There are over 3,100 distinct stick insects in tropical and subtropical biomes throughout the world. “The extant diversity is the result of a surprisingly recent and rapid radiation,” exclaims Dutch evolutionary biologist Sabrina Simon.
“Stick and leaf insects exhibit impressive camouflage directed against visually hunting predators by imitation of various parts of plants, such as twigs, bark and leaves,” observed German evolutionary biologist Sven Bradler. That withstanding, most stick insects are nocturnal. This lifestyle helps them not be so easily identified from the plants to which they cling. Better safe than sorry.
Stick insects are in the order Phasmatodea, which originated in either Southeast Asia or the New World ~128 million years ago. Their evolution was of dispersal followed by incremental evolution rather than vicariance (independent evolution).
The stick insect below is of Extatosoma tiaratum. It looks as if its head is on backwards. The mouth parts are near its arms, nearby its antennae. This innovation was likely to create confusion among potential predators by not corresponding with conventional body plan for head morphology.
Pronounced oddity, such as with stick insects, readily raises the question of how evolution transpires – the intriguing issue which envelops all evolutionary biology. There are no simple answers, such as Charles Darwin sophistically proposed with his “survival of the fittest.”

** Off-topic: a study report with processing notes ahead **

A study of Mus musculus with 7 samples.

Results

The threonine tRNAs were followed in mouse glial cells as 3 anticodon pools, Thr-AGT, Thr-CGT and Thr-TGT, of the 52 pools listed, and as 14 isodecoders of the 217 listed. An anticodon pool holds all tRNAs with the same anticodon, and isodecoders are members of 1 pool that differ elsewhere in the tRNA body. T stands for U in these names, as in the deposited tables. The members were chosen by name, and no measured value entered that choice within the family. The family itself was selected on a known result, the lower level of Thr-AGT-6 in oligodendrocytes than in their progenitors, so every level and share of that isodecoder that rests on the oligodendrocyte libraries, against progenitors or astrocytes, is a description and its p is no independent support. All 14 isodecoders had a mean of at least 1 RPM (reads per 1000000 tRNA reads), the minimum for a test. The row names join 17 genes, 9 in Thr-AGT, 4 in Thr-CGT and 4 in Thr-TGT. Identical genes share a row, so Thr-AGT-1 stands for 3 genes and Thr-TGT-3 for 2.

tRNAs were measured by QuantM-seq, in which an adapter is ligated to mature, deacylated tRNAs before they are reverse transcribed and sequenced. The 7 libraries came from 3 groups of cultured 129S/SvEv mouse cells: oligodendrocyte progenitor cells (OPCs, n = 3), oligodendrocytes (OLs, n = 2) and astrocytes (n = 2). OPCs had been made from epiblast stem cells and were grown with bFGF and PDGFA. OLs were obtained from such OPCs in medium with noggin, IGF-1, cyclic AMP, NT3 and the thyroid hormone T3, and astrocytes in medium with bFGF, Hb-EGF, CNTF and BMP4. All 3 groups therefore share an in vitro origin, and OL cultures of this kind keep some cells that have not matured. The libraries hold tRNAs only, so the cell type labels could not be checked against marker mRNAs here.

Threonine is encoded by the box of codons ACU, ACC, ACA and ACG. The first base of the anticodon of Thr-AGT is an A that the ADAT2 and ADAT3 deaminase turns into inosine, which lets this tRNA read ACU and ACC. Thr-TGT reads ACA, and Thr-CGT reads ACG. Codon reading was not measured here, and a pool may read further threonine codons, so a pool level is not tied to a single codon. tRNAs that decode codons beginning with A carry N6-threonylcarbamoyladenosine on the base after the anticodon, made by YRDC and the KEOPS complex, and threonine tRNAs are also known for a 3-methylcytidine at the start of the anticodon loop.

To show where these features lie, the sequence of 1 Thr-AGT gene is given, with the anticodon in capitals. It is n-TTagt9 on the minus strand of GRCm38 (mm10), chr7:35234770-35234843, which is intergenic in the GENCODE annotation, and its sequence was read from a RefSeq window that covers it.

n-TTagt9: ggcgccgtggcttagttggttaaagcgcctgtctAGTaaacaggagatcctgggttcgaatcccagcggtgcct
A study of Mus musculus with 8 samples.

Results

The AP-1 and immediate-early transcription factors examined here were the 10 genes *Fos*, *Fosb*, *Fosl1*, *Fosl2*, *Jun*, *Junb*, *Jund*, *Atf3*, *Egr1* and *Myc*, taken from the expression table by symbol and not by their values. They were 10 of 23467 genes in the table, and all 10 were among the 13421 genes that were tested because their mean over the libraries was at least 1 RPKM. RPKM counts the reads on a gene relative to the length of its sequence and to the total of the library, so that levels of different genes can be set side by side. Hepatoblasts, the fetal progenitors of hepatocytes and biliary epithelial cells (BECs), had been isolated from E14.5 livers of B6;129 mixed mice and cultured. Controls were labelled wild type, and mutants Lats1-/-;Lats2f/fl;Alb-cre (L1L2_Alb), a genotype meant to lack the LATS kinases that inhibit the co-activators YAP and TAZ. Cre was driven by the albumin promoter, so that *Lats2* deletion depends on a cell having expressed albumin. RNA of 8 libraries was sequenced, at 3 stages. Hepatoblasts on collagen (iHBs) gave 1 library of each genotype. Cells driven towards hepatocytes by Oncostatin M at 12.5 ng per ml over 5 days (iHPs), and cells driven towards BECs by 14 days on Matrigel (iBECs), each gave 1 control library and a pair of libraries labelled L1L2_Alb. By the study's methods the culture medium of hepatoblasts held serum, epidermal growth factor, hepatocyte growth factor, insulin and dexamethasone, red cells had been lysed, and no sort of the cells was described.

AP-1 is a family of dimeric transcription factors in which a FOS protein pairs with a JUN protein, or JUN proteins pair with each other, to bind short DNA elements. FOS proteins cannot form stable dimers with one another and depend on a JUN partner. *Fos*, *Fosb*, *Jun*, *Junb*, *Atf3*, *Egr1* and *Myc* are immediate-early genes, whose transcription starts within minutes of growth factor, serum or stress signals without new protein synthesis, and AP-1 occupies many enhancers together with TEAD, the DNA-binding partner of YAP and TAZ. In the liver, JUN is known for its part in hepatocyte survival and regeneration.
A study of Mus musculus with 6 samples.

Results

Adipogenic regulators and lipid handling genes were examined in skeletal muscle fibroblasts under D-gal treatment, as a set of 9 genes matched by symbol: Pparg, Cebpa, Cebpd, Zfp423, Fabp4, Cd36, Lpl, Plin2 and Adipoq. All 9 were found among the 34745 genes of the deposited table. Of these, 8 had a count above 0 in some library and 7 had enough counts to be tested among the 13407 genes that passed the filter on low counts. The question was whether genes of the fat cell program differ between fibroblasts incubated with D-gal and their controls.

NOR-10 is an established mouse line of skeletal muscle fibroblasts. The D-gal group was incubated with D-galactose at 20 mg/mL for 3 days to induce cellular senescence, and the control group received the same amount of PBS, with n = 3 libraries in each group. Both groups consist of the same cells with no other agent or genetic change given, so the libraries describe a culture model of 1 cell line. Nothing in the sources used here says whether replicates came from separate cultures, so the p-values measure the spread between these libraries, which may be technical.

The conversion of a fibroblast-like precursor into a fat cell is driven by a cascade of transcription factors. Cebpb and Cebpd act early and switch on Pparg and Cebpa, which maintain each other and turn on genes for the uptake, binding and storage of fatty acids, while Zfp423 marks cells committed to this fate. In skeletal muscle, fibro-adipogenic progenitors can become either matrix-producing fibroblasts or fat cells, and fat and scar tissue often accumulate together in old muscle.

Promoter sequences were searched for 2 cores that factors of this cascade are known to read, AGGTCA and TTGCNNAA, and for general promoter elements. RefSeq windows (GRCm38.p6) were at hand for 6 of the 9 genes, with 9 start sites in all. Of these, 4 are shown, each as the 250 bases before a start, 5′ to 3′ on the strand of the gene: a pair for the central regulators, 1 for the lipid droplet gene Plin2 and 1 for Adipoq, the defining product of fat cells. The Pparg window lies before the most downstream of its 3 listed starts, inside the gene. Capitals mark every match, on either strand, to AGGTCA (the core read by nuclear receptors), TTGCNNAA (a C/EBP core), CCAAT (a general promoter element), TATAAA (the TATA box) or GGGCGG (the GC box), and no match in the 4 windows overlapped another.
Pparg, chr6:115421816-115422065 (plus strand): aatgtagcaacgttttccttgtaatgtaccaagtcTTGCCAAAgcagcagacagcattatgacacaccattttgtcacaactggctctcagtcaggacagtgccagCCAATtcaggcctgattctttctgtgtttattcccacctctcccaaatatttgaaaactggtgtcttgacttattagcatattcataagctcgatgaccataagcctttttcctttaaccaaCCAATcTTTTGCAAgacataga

What is known is that all evolution is adaptation: a goal-directed (teleological) aim of improving survival. Adaptations may be pinpoint traits, such as being able to tolerate a toxic chemical, or involve a multitude of physical and mental trait adoptions, such as behaviors for new physiology.
There are too many striking instances of adaptation to discount that teleology is at the root of evolution. This necessarily implies a force of directive coherence at a scale which encompasses organismic genetics, cytology, and development, and which mystically accounts for the habitat in which the organism lives.
Spokes 3: The Elements of Evolution, explores the fascinating history of life on Earth, how evolution has been thought of historically (e.g., Darwin’s theoretical tripe), the various ways in which evolution proceeds, and the descent of humankind.
Sabrina Simon et al, “Old World and New World Phasmatodea: phylogenomics resolve the evolutionary history of stick and leaf insects,” Frontiers in Ecology and Evolution (7 October 2019).
Stick insect on a pitcher plant photo courtesy of John A. Alaban.
Extatosoma tiaratum photo courtesy of Bradley Davis.